Like many large cities, Oklahoma City is comprised of many neighborhoods. In OKC the neighborhoods are referred to as “districts.” There are fifteen Oklahoma City districts, each with its own distinct attributes. During our 48-hour stay there, it wasn’t possible to visit all of the districts, but Skip and I did explore several of them.
Midtown, just north of the downtown area, was once a deteriorating neighborhood. It’s gone through a renaissance the past few years and is now filled with trendy restaurants and shops. We stayed in Midtown’s only hotel, the Ambassador Hotel Oklahoma City, and ate at two of the nearby popular eateries, Waffle Champion and Fassler Hall.
Find the best deal, compare prices, and read what other travelers have to say at TripAdvisor
Bricktown, east of downtown, is another revitalized area. The area’s past life as a warehouse district has been transformed to the city’s most popular nightlife area. Restaurants with al fresco dining line a canal that was built during the revitalization. Tour the area on the Bricktown Water Taxi, or use the water taxi as a means of transportation. The American Banjo Museum and the Chickasaw Bricktown Ballpark, home to the Triple-A Oklahoma City Dodgers, are located in Bricktown.
The Boathouse District, situated on the Oklahoma River, is all about adventure, including a zipline across the river, a 72-foot Sky Slide, climbing walls and kayaking. It is also a U.S. Olympic and Paralympic Training Site. A man-made whitewater rafting and kayaking center opens in May 2016.
Although we didn’t make it out to the Boathouse District, we did see the related RIVERSPORT Adventure Park on the shores of Lake Overholser. The Adventure Park includes a zip line, climbing wall, extreme swing, jump stunt, kayaking, standup paddle boarding, pedal boats and more.
Cattle auctions take place every Monday at the Oklahoma National Stock Yards. Stockyards City is also home to shops that specialize in all things western. We enjoyed a great steak dinner at Cattlemen’s Steakhouse, the oldest continually-operating restaurant in Oklahoma City. For years the restaurant was open 24 hours. I heard a story that when new owners shortened the hours, they had to have locks put on the doors. There were none previously, since the restaurant had never closed!
Uptown 23rd District
Part of historic Route 66 runs through the Uptown 23rd District. Many storefronts along 23rd Street are vintage Route 66 era. We ate lunch at the trendy Cheever’s Café. The building was originally Cheever’s Flowers, opened by the woman who was the very first baby born in Oklahoma City.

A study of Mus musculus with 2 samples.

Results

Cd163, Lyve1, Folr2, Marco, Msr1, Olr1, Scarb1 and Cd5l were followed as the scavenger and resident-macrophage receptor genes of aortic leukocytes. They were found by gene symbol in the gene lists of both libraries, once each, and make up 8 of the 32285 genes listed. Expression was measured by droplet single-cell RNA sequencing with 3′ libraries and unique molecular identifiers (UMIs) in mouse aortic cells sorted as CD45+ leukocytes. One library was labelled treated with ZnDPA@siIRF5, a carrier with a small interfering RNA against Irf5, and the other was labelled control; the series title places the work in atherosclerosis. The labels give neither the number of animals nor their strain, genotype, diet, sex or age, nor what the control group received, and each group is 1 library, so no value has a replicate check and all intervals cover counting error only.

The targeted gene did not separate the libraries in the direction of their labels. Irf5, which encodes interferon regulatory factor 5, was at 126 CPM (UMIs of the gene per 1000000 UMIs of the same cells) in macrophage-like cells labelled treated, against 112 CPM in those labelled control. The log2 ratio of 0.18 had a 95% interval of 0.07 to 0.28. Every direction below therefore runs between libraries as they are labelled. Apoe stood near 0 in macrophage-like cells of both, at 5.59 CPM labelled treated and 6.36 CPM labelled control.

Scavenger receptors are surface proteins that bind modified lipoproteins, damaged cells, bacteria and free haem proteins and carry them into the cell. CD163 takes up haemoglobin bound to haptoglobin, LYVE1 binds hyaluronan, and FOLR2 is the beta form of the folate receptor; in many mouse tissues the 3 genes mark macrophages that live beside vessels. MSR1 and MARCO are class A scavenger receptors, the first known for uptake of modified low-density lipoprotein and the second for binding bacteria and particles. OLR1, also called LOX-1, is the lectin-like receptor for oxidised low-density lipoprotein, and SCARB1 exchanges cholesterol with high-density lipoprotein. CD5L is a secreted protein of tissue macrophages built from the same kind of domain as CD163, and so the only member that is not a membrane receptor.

Paseo Arts District
If you like art galleries, head to the Paseo Arts District. The curvy two-block street is lined with art galleries, cafes and bars housed in colorful Spanish Revival buildings. During First Friday Gallery Walks (6 p.m. to 10 p.m. on the first Friday of the month and Saturday noon to 6 p.m.), the district holds art receptions, gives restaurant and shop discounts, and provides street entertainment.
The Adventure District is where you want to head if you’re bringing the family. Oklahoma City Zoo & Botanical Gardens, Science Museum Oklahoma and the National Cowboy & Western heritage Museum are all located here. We found the National Cowboy & Western Heritage Museum to be a world-class museum that tells the story of the American West through art galleries and exhibits.
The Downtown Central Business District is where you’ll find the skyscrapers, including the 50-story Devon Tower, the tallest. The Oklahoma City National Memorial & Museum and the Myriad Botanical Gardens are located downtown, as well.
More information on Oklahoma City Districts
We were able to cover a lot of the Oklahoma City districts in the two days we were there thanks to the ease of navigation within the city. Everything was much closer than we thought it would be. Of course, we didn’t have time to visit all of the districts or to do everything in any one single district. That’s what return trips are for.
For further information about Oklahoma City’s districts, see the Visit OKC web site.
Disclosures: Our visit to Oklahoma City was hosted by the Oklahoma City Convention & Visitors Bureau. However, any opinions expressed in this article are my own.
This article contains an affiliate link. If you purchase a product or book a hotel room through these links, I will receive a small commission at no additional cost to you.
Thank you for reading Midwest Wanderer. Don’t miss a post. Enter your e-mail address below and click Subscribe to be notified whenever I publish another post. Subscription is FREE. After subscribing, be sure to click the link when you get the e-mail asking you to confirm.
2 thoughts on “8 Oklahoma City Districts to Explore”
Great tips for a visit to Oklahoma city, I think the National Cowboy & Western Heritage Museum is one of the best small museums in the world! Really, it’s that good.
We were really surprised by how great the National Cowboy & Western Heritage Museum was.